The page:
The NTTAA supports the requirements of The National Technology Transfer and Advancement Act (NTTAA), which directs Federal agencies with respect to their use of private sector standards and conformity assessment practices. The objective is for Federal agencies to adopt private sector standards, wherever possible, in lieu of creating proprietary, non-consensus standards. The Act directs the National Institute of Standards and Technology (NIST) to bring together Federal agencies, as well as State and local governments, to achieve greater reliance on voluntary standards and decreased dependence on in-house standards.

Progress toward accomplishing NTTAA aims is summarized in annual reports prepared by NIST, in collaboration with the Interagency Committee on Standards Policy (ICSP).

OMB Circular A-119

OMB Circular A-119, Federal Participation in the Development and Use of Voluntary Consensus Standards and in Conformity Assessment Activities, establishes policies on Federal use and development of voluntary consensus standards and on conformity assessment activities. OMB issued this revision of the Circular in order to make the terminology of the Circular consistent with the National Technology Transfer and Advancement Act (NTTAA).

Guidance on Federal Conformity Assessment Activities

This document contains policy guidance on Federal agency use of conformity assessment activities. The document was developed by NIST in compliance with Paragraph 8 OMB Circular A-119.

The National Science and Technology Council's Subcommittee on Standards (SOS) is an inter-agency forum for senior officials of federal agencies interested in standards and standardization related issues.



Three offices in the Executive Office of the President, Office of Information and Regulatory Affairs / Office of Management and Budget (OMB/OIRA), Office of Science and Technology Policy (OSTP), and the Office of the U.S. Trade Representative (USTR), have recently released a memo "Principles for Federal Engagement in Standards Activities to Address National Priorities" which is available at

This memo reaffirms the U.S. approach to standardization, lays out federal government objectives for standards engagement, and outlines agency responsibilities in instances where agencies assume a convening role to find standards solutions for technologies/issues identified as national priorities. The memo also provides important guidance for agencies as they engage with the private sector on standards issues of interest to agencies.


View the NSTC Subcommittee on Standards report on Federal Engagement in Standards Activities to Address National Priorities – Background and Proposed Policy Recommendations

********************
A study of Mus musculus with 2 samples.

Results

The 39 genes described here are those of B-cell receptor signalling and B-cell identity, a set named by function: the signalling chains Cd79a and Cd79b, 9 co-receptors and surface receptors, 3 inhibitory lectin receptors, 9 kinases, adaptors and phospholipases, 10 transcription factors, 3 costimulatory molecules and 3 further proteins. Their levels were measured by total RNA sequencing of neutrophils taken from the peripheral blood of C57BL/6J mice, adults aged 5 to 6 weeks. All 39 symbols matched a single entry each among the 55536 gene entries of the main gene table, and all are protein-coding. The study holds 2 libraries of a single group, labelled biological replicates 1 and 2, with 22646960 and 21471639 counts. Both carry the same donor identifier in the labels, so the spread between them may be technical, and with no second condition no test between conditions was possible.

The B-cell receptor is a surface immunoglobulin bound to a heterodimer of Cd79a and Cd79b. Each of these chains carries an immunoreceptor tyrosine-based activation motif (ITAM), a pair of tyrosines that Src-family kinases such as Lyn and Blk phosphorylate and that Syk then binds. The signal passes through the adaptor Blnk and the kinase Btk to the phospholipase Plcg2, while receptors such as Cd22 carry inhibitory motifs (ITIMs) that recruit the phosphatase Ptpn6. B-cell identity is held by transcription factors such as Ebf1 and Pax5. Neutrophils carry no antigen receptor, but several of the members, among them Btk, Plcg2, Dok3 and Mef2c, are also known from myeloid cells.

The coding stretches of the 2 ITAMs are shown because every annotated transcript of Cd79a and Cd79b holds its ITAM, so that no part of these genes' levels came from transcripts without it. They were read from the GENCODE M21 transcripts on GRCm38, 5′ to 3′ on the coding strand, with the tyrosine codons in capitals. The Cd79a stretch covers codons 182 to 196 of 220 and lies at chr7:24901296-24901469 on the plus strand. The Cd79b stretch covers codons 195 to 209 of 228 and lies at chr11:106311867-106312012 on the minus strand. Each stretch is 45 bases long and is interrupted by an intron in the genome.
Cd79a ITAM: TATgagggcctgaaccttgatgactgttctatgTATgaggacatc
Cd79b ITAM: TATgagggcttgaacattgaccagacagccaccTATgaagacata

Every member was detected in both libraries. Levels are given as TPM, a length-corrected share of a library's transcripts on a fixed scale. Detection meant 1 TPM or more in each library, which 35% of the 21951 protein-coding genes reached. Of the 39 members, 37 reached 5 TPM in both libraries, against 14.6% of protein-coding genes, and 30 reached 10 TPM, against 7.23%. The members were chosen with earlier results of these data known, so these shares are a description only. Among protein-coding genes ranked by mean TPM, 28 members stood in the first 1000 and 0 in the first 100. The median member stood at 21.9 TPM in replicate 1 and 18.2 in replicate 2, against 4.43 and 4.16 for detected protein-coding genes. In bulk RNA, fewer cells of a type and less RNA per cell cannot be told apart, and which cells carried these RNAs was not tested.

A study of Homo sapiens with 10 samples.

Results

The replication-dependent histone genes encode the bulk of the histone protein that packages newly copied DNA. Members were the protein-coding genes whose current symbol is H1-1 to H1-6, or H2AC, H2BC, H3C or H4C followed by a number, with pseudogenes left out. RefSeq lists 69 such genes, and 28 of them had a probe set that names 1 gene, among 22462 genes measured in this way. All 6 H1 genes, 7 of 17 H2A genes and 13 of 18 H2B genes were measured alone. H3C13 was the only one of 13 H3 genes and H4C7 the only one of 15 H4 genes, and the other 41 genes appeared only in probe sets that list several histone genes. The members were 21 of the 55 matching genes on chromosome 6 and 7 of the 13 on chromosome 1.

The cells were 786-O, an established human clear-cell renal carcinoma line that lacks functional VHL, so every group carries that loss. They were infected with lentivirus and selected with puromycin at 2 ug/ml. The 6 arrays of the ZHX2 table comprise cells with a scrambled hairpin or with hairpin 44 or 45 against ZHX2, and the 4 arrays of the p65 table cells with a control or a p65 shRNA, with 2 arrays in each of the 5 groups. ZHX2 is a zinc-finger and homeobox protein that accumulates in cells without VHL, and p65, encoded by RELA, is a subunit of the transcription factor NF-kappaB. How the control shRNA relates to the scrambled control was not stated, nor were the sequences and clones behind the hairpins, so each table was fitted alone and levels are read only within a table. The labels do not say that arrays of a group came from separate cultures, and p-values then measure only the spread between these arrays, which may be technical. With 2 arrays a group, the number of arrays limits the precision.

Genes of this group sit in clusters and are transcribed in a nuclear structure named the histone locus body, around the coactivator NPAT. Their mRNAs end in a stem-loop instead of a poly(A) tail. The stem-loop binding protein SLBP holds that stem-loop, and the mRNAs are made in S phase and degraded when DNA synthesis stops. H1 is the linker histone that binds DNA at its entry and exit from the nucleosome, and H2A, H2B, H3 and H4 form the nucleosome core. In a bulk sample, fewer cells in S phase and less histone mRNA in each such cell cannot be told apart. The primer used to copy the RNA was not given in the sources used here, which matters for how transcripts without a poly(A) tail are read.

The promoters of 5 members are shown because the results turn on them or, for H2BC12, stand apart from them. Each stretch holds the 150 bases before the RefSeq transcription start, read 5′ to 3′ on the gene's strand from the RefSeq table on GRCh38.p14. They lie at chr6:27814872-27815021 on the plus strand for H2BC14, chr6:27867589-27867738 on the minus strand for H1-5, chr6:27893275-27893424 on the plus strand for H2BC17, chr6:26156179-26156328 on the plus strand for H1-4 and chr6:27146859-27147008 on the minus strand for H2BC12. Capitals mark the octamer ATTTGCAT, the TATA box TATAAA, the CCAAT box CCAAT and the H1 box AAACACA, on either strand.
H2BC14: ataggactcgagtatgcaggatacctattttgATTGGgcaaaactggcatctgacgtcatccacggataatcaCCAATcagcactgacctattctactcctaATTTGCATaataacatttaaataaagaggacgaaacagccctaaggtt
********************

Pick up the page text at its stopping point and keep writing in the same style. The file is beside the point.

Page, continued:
Send comments regarding the recommendations here.


View a Summary of the responses to the December 8 RFI on Federal Agency Participation in Standardization Activities in Select Technology Areas and related Observations based on these responses. The summary and observations are intended to facilitate both internal (government) and external (public) discussion and interactions on issues related to federal government engagement in standardization activities in national priority areas.

Questions or comments can be sent to


Three deliverables are currently under development for consideration by the NSTC Subcommittee on Standards, building on the public response to the RFI.

These are:
  • An initial set of four case studies, drawn from the technology areas called out in the December 2010 RFI that federal agencies can refer to as they consider their future engagement in standardization activities. Each case study will outline, for a specific select technology area, the background for standardization activities, types of standards, government role, success and failures and lessons learned.
  • A background document articulating the strengths of the private sector-led standardization system and describing the importance of U.S. government participation in standardization and the various modes of engagement that are utilized.
  • A set of recommendations regarding principles or best practices for future engagements between the public and private sector in national priority areas.

A Subcommittee meeting will be convened in late June to consider these deliverables and identify issues for further consideration, either by the Subcommittee itself, by the Interagency Committee on Standards Policy, or by individual agencies.

Subcommittee conclusions will be made publicly available and further public engagement on next steps is welcome and encouraged.


View comments to the Federal Register notice seeking input about federal agency participation in standardization.


A recorded webcast of the Jan. 25th, 2011 roundtable on federal government engagement in standards is now available here. It includes remarks from Secretary Locke, Aneesh Chopra and Pat Gallagher, and features Phil Weiser leading a panel discussion with CTOs from leading companies (e.g., Motorola, Cisco, Silver Spring Networks, etc.)